Kimberly Palmer: How to bolster your financial confidence

FILE - In this June 15, 2018, file photo, cash is fanned out from a wallet in North Andover, Mass. We head into the new year with big plans, hoping this will be the year we whittle down that to-do list and get our money on track. But daily life gets in the way — meetings, appointments, errands and emergencies. (AP Photo/Elise Amendola, File)

Financial confidence, or the belief in one’s money-related abilities, might not come up as much as financial literacy — especially in April, Financial Literacy Month — but money experts say it’s often the hidden ingredient behind savvy money decisions. “If there’s no financial confidence, there is no willpower to succeed. We translate that to financial self-efficacy,” says Perez, who also studies financial confidence as part of her research as a doctoral candidate in organizational leadership.

But confidence with money can be hard to come by. According to a NerdWallet survey in January, three quarters of Americans say they do not feel confident about their personal finances for 2023, and many of them cite the uncertain U.S. economy.

There are, however, ways to boost your financial confidence. Here’s how to get started:


Learning essential lessons around budgeting, saving and investing helps boost financial literacy, Perez says, which can positively impact actions. “To increase financial confidence, we need to increase education, so you know what tools you need,” she adds.

Those seeking financial education should start with local organizations and community groups that provide information for free, she adds. Finding financial literacy-focused groups on Facebook or searching “financial education resources” for your area can lead to helpful resources. The U.S. government’s Office of the Comptroller of the Currency also offers a helpful Financial Literacy Resource Directory.

“Find your community that talks about finances in a nonjudgmental way,” so you have a safe place to ask questions — that community might include friends and social media groups, Perez says.

Your financial institution can also help, says Jennifer White, senior director of banking and payments intelligence at J.D. Power, a consumer research company. Banks and credit unions often provide online tools to help customers visualize their cash flow and see how they can improve their savings and credit.

That kind of support is good for consumer confidence and business at the bank. “Once customers feel supported, they are more likely to be loyal when they open up their next account, and given the chase for deposits today, that stickiness is something banks are paying close attention to,” White says.


Confidence plays a big role in day-to-day money and debt management, says Lucy Delgadillo, professor of family finances at Utah State University’s College of Agriculture and Applied Sciences. But creating positive outcomes depends on having the right amount of it.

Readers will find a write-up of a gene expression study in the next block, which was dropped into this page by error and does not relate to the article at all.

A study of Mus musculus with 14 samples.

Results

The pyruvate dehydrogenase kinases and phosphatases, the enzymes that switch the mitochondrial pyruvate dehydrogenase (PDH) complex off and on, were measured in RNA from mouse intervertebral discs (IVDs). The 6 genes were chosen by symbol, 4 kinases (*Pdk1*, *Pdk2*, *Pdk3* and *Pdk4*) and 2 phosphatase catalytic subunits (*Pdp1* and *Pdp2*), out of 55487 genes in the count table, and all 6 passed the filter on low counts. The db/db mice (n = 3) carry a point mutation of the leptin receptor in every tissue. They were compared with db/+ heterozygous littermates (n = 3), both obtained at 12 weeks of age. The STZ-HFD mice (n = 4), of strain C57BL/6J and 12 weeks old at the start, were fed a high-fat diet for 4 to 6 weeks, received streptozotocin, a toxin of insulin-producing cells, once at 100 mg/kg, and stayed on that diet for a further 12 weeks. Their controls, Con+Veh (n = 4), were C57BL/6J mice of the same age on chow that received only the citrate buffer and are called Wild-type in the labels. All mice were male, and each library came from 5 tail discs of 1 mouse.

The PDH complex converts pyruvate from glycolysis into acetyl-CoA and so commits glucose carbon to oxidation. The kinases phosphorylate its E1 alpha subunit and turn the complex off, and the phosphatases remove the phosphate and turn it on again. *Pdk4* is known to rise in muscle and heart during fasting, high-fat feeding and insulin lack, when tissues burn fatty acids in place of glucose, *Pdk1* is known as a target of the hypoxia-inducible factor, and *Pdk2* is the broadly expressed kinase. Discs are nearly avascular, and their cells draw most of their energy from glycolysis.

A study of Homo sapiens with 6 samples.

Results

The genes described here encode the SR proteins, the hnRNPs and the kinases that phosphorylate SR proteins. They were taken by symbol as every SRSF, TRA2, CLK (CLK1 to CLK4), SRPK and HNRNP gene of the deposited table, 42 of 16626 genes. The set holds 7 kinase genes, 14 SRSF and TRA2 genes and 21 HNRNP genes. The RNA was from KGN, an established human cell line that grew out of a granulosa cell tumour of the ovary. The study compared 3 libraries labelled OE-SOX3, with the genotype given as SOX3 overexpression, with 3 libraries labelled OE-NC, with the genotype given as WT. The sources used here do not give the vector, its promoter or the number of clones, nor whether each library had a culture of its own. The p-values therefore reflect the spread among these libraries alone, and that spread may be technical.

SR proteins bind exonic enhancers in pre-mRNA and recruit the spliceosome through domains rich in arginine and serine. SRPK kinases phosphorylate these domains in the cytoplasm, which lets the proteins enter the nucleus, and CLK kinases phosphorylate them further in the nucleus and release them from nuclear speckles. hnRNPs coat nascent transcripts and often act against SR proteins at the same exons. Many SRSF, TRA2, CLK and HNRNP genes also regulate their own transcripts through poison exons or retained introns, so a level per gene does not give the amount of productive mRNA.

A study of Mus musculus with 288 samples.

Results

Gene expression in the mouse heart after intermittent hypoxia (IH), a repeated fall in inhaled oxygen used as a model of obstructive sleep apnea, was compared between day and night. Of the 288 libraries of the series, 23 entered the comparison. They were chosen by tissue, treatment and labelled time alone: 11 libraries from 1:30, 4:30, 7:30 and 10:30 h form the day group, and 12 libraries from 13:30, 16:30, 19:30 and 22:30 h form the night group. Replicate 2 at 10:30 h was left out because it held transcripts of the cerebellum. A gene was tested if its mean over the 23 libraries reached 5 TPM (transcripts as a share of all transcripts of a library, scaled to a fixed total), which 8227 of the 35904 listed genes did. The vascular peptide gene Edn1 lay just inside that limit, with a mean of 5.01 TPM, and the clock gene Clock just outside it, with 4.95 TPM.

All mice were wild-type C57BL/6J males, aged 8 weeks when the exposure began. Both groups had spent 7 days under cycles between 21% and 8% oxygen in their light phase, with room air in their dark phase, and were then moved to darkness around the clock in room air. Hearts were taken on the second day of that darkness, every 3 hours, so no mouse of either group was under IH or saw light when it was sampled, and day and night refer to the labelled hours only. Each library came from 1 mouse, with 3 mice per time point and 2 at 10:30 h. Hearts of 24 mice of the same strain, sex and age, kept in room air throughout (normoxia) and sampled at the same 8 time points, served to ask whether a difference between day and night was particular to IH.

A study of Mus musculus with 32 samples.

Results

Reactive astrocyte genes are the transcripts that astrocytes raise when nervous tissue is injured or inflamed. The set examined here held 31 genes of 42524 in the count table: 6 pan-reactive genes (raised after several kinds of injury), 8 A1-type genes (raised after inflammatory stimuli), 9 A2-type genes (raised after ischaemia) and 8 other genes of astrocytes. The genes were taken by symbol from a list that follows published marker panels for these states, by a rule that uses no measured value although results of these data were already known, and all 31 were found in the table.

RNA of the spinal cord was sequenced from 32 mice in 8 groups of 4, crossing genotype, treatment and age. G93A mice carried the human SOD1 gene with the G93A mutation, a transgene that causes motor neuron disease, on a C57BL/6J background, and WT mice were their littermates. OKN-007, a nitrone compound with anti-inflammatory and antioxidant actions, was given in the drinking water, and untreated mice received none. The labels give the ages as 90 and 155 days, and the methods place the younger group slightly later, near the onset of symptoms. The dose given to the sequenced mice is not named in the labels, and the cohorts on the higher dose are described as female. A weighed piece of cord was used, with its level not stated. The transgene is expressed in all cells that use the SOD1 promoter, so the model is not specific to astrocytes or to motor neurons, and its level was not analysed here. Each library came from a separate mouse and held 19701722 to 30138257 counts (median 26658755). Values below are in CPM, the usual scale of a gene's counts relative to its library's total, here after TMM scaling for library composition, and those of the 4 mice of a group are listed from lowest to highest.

“When you have overconfidence and low knowledge, that’s the worst situation. You’re more likely to get into high-risk behaviors such as overextending credit and overly risky investing,” says Delgadillo, who researches financial confidence.

She encourages people to reflect on their own levels of confidence and knowledge and to tread carefully when there is a mismatch. “It can motivate you to investigate and get the information you don’t have available at that moment. For example, to find out the difference between a stock and a bond and to fill in the gaps in knowledge you might have,” she says.

Overconfidence can originate from a bad source of information, like a misinformed social media influencer. “With social media, you learn so much more, but that doesn’t mean you learn the whole picture,” Perez says. She recommends checking information gleaned from social media with other sources before acting on it, especially when it comes to investing or trendy topics like cryptocurrency.

White also notes that many Americans struggle with basic financial literacy around core topics like compounding interest and investing risk. “There’s a gap between what people think they know and what they actually know,” she says.


Like Perez opening up her first investment accounts, heightened confidence can help lead to smarter money decisions. “It’s like an athlete practicing and knowing everything about a sport. Once you have that knowledge, you become a better participant,” says Clark Kendall, certified financial planner and CEO of Kendall Capital in Rockville, Maryland.

That working knowledge is especially important today. “We are more responsible for our financial successes and failures than our grandparents,” he adds, given the need to save for retirement in the absence of work-provided pensions.

When Kendall asked his daughter, who is finishing her masters in business administration, if her degree was worthwhile, she responded that it was — mostly because it gave her confidence.

Adds Kendall: “Education in general gives people confidence to follow their dreams and aspirations.”